13.46% CAP RATE in CA? Why is this still on the market for 174+ days?

5 Replies

OK. I'm new here, and I'm ready to drop some money. I can't for the life of me figure out why this property with a 13.46% CAP RATE (which is impressive for California) has been on the market for 174+ days but from my POV it brings in some $$$$.

I noticed it says "Please do not disturb tenants, they do not know it is for sale" - so I imagine the property hasn't been inspected.

Why's this on the market still? Any ideas?

https://www.redfin.com/CA/Palm-Springs/3775-El-Dor...

My analysis has come to:

CAP RATE: 13.46%

Purchase Price: $270,000

Down Payment: $67,500 (25%)

Monthly Mortgage: $1247.63

Monthly Gross Rent Income: $3000.00

Monthly Net Income (excludes mortgage): $2916.67

Cash Flow after mortgage: $1669.04/month

Cash on Cash Return: 29.67%

Numbers look great, so what's the catch?

good point. maybe because they want an offer before you have the ability to view?

@Adam Ng

If a 13.46 Cap rate is impressive for your area, then you need to do some additional research about the area in this property is in. I'm sure you will find obvious reasons for an abnormal rate. 

Looking at the the numbers you have provided, it seems you are missing some big items. For one, COC is NOT simply rental income minus mortgage pmt. maintnence, vacancy, and cap ex definitely need to be factored in. If you use a standard 30% for your maintenance, vacancy , property management and Cap ex ($900), then subtract insurance and taxes to arrive at a net operating income. From their subtract your mortgage payment and what you have left is cash on cash.

@Adam Ng

Don't forget property taxes, insurance, maintenance, management, etc., in your numbers. 

It looks like it's fallen out of escrow a few times. Maybe it has some major maintenance issues? Might be worth calling the agent and finding out exactly why it keeps falling out of escrow. If there's major deferred maintenance, definitely make sure to take that into account in your numbers. The deal needs to work for YOU not the seller.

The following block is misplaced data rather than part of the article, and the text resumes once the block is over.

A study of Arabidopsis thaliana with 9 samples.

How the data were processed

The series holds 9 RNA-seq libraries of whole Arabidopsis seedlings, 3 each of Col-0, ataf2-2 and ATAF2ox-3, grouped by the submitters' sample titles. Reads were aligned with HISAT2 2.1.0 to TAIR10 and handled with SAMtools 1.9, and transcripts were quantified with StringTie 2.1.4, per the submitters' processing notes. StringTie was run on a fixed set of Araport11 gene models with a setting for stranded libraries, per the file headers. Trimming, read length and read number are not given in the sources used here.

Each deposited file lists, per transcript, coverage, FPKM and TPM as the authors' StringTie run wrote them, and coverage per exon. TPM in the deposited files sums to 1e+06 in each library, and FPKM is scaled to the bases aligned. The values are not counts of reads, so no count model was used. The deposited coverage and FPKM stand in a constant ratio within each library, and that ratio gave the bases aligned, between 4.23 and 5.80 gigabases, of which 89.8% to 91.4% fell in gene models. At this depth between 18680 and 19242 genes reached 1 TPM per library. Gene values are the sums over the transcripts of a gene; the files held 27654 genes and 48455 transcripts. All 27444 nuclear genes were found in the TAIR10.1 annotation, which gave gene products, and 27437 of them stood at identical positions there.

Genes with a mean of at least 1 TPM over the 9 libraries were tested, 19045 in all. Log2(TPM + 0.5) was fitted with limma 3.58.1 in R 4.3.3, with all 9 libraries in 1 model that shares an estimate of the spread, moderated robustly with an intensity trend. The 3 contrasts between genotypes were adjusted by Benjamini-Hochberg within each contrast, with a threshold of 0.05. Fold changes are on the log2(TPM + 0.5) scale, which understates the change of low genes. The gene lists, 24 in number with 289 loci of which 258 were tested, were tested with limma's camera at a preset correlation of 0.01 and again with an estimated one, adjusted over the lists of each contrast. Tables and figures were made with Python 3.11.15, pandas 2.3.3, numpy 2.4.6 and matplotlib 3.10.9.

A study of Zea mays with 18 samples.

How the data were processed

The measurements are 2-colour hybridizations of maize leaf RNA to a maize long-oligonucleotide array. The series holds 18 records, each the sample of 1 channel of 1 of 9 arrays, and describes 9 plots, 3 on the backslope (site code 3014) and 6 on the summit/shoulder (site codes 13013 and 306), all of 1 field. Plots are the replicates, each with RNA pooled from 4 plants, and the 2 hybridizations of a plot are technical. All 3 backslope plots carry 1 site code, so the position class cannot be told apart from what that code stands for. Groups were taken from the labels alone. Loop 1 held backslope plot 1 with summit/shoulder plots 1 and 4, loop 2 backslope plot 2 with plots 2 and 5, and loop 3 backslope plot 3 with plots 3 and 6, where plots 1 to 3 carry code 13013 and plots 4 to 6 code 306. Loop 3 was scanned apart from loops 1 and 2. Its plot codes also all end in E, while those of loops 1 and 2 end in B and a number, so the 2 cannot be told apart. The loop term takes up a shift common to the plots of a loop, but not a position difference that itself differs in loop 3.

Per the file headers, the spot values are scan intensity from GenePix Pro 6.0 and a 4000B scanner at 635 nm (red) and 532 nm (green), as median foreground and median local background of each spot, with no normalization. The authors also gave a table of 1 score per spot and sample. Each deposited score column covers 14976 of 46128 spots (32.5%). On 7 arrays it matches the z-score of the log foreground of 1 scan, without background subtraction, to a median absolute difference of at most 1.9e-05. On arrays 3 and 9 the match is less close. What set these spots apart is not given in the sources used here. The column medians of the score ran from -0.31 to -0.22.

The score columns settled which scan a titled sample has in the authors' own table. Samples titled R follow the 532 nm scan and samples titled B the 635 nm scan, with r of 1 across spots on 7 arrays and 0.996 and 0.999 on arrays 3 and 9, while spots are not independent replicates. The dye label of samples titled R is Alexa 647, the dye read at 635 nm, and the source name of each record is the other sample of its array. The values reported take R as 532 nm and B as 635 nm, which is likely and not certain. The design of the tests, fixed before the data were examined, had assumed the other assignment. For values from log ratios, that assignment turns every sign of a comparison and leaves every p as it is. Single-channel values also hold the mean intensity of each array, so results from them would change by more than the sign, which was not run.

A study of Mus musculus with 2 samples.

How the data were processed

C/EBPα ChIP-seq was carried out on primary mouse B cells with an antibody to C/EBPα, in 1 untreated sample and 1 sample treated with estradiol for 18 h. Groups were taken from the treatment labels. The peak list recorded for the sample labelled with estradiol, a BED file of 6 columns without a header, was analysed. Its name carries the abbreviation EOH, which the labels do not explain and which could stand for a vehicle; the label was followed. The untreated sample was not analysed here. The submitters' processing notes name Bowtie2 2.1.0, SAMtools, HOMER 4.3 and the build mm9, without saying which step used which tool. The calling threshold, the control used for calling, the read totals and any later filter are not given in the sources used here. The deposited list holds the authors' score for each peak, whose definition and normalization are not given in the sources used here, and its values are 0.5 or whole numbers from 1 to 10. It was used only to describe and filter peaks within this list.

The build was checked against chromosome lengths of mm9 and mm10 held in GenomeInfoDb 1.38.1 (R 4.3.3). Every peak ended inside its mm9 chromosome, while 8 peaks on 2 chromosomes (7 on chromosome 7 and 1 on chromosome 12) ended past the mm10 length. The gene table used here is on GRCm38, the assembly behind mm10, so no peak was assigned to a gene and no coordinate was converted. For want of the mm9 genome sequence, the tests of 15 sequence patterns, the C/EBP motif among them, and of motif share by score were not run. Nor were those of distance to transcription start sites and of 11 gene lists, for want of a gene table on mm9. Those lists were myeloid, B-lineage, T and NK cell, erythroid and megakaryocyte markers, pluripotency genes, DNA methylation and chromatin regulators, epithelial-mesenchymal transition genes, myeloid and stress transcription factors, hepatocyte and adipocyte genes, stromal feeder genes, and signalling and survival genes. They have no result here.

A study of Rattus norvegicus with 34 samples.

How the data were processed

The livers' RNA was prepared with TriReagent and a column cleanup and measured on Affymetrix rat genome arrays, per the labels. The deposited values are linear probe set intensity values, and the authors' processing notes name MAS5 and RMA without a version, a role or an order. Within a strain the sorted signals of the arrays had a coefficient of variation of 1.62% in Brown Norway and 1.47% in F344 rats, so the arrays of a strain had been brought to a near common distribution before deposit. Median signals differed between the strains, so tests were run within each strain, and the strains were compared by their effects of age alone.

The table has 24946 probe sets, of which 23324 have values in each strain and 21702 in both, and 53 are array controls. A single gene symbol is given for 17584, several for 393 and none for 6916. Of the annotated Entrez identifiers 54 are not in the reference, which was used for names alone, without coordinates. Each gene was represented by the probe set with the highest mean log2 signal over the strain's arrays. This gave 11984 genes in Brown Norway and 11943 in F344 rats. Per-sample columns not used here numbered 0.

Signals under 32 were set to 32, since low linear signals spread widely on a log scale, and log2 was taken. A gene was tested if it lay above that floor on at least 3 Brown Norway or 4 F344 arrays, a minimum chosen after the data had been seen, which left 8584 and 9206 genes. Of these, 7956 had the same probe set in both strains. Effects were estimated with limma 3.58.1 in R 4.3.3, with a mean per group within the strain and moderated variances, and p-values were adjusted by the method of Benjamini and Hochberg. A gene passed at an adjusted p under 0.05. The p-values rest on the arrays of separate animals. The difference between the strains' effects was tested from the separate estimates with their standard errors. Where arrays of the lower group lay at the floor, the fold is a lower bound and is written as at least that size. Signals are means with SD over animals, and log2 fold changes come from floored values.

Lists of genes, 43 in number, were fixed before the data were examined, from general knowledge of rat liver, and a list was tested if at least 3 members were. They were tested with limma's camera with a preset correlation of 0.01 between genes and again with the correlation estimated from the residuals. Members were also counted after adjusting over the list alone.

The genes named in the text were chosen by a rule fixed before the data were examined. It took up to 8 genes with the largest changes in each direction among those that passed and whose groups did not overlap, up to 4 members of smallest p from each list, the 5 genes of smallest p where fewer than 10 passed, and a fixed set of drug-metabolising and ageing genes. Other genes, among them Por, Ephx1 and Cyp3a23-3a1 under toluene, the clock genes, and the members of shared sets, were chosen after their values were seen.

I have visited that sub-division of Palm Springs.

Do the following:

(1)  Check out the comparable sales for the neighborhood, particularly that subdivision.  Does anything support this valuation?

(2)  Look at it on Google Maps.  Three small streets north is Tramview and that is the end of the sub-division, and for that matter, Palm Springs.  Then there is a big, wide open space.  That is what they call desert.  Lots of sand and no water.

First, the 13.46% cap rate is totally, completely, utterly bogus.  Its a lie.  Its a fourplex that rents for $750/unit/month.  That's $36,000 per year in gross scheduled rents.  They're asking $270,000.  A cap rate of 13.46% implies net operating income of $36,342.  On rent of $36,000?  Not only does that imply there are no expenses at all, but an extra $342 a year falls out of the sky.  So, that cap rate number is complete fiction.

Cap rates provided by sellers and their agents are almost always fiction.  Ignore them.

A more realistic estimate of cap rate is to apply the 50% rule to estimate NOI at $18,000 a year. Divided by the $270K asking price gives a 6.7% cap rate.

If it has been in and out of escrow there is some non-obvious issue.  Asking for a contract prior to inspections isn't too unusual.  But the fact it keeps falling out indicates there is probably some issue that crops up when the buyers start looking.  So, this is an even worse deal that it initially appears.